I started off the day putting all my Christmas giftcards into iTunes.  I had the complete intention of spending a good portion of it today on iPhone apps in a hope to both support the indie developer community and to get some new material to write about.  Neither happened.  I couldn’t find one application that would make my life easier.  Before you get all huffed and puffed about exhibit A and exhibit B applications that have “changed” your world–I know they exist.  I just can’t find them.  Unless I know the application name, there’s a very good possbility that i’ll never find anything useful.

There’s 25 New and “featured” applications, 25 what’s hot applications.  20 Categories that list multiple sub categories and once you’re through selecting categories you’re met with three more pages, each with 25 listings–Top Paid, Top Free, Release Demo.

 

What’s a user to do?

 

If you’re not a “popular” application there’s little hope your application will ever be found unless you put a lot of time and effort into getting your name out around the internet.  But the problem with this application hub isn’t the “popularity” issues.  It’s the complete lack of attention paid to “useful” applications.

 

At the time of this writing, 17 of the top 25 applications are crappy games.  Games I’ve downloaded a thousand times in a thousand different iterations, from a thousand other indie developers trying to make a quick buck. Fart Applications ring a bell?  Flashlight Applications?  Beer Games?  Check, Check, and Check!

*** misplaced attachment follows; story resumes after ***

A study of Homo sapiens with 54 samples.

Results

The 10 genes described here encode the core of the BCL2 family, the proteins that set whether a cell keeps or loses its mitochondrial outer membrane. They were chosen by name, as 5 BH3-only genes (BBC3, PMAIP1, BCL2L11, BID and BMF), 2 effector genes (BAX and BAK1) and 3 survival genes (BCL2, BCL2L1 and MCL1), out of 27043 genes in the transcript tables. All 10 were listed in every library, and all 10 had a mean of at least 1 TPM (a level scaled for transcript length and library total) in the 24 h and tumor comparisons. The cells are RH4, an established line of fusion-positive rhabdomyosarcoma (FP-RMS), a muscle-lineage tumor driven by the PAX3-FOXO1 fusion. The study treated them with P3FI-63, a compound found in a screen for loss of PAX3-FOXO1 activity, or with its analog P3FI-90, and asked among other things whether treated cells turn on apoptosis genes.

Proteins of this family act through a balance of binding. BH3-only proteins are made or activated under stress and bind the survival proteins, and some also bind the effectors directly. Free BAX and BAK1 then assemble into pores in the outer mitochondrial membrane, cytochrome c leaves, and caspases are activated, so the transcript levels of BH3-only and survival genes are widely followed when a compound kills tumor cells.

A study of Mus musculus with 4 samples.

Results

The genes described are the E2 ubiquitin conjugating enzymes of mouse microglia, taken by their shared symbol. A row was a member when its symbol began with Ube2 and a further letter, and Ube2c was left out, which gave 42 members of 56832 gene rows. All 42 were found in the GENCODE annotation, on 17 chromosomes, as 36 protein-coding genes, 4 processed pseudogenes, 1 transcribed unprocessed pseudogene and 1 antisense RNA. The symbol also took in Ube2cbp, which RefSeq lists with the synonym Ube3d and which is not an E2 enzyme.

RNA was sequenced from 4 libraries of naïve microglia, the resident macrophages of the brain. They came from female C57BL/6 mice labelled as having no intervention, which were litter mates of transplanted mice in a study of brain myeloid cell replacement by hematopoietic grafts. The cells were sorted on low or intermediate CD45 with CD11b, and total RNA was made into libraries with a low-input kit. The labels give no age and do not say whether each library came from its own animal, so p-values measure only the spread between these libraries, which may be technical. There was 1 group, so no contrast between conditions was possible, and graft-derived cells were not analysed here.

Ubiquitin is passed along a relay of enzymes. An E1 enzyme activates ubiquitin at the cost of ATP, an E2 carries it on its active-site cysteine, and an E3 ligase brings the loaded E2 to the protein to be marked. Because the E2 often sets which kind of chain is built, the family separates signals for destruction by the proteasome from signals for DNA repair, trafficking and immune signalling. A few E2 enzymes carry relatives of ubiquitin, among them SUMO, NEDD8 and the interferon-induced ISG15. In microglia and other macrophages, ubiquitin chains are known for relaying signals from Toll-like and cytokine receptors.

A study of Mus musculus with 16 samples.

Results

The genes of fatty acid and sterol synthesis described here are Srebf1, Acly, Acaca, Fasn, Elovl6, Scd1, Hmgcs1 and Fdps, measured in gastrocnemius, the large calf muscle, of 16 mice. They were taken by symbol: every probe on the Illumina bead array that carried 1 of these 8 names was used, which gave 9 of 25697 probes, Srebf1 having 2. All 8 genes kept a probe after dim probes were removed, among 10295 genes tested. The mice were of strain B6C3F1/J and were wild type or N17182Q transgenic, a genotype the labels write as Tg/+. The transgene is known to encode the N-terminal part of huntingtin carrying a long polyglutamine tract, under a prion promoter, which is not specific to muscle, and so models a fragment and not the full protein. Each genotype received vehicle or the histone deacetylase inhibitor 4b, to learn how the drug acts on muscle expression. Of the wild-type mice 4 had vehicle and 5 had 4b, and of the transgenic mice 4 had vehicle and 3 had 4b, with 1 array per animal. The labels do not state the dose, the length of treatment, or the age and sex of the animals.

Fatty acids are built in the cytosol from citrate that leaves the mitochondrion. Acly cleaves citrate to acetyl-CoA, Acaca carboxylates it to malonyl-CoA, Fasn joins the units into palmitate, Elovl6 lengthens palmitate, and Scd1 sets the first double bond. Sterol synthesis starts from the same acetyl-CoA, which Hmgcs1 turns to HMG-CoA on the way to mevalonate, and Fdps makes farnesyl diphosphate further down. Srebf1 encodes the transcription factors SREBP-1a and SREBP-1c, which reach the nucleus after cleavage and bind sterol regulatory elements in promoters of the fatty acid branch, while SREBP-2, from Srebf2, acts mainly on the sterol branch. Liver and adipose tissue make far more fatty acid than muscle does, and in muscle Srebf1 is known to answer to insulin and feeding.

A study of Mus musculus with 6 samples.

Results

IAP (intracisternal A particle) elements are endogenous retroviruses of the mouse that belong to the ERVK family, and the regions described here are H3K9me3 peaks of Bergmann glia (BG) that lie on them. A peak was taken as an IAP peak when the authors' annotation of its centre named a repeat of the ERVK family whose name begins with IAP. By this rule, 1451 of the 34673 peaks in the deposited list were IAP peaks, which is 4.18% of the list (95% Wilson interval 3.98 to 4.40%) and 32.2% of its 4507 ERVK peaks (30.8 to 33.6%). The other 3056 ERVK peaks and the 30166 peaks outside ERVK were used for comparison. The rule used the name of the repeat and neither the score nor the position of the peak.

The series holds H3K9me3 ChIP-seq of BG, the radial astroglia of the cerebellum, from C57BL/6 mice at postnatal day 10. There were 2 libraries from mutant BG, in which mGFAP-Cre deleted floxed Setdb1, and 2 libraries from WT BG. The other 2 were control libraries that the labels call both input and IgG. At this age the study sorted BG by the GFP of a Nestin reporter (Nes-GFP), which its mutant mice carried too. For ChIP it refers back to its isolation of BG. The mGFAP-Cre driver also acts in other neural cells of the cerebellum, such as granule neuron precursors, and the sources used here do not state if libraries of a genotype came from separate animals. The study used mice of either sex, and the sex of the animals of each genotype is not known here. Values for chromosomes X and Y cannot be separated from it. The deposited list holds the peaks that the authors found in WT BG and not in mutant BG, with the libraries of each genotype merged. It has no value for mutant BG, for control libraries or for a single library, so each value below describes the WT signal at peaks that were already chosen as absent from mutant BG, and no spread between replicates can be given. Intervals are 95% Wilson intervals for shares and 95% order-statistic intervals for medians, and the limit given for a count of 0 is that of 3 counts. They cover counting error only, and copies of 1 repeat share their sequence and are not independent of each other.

You know what this tells me?  There is a serious disconnect between “real” applications and jokey/fun applications.  We need to split them up, and Apple needs to do a better job of promoting “real” applications in their Appstore. Maybe the categories need a tweek or a tag needs to be assigned that categorizes the “fun” and the “real” applications into two distinct places.  I don’t want to see Fart noise generators beside mileage trackers.

 

I want to see my options, and I want to be able to find what I need quicker.  It says a lot about a devices usability when I have 60 dollars to spend on applications but the opportunity cost of spending a dollar to find that application I need just isn’t worth it.  Three categories in, and two pages later I was still without any “real” options.  My only real choice was to go to the iTunes store and buy a new album.  Sorry to the indie developers out there, but you should know I tried.  I really did.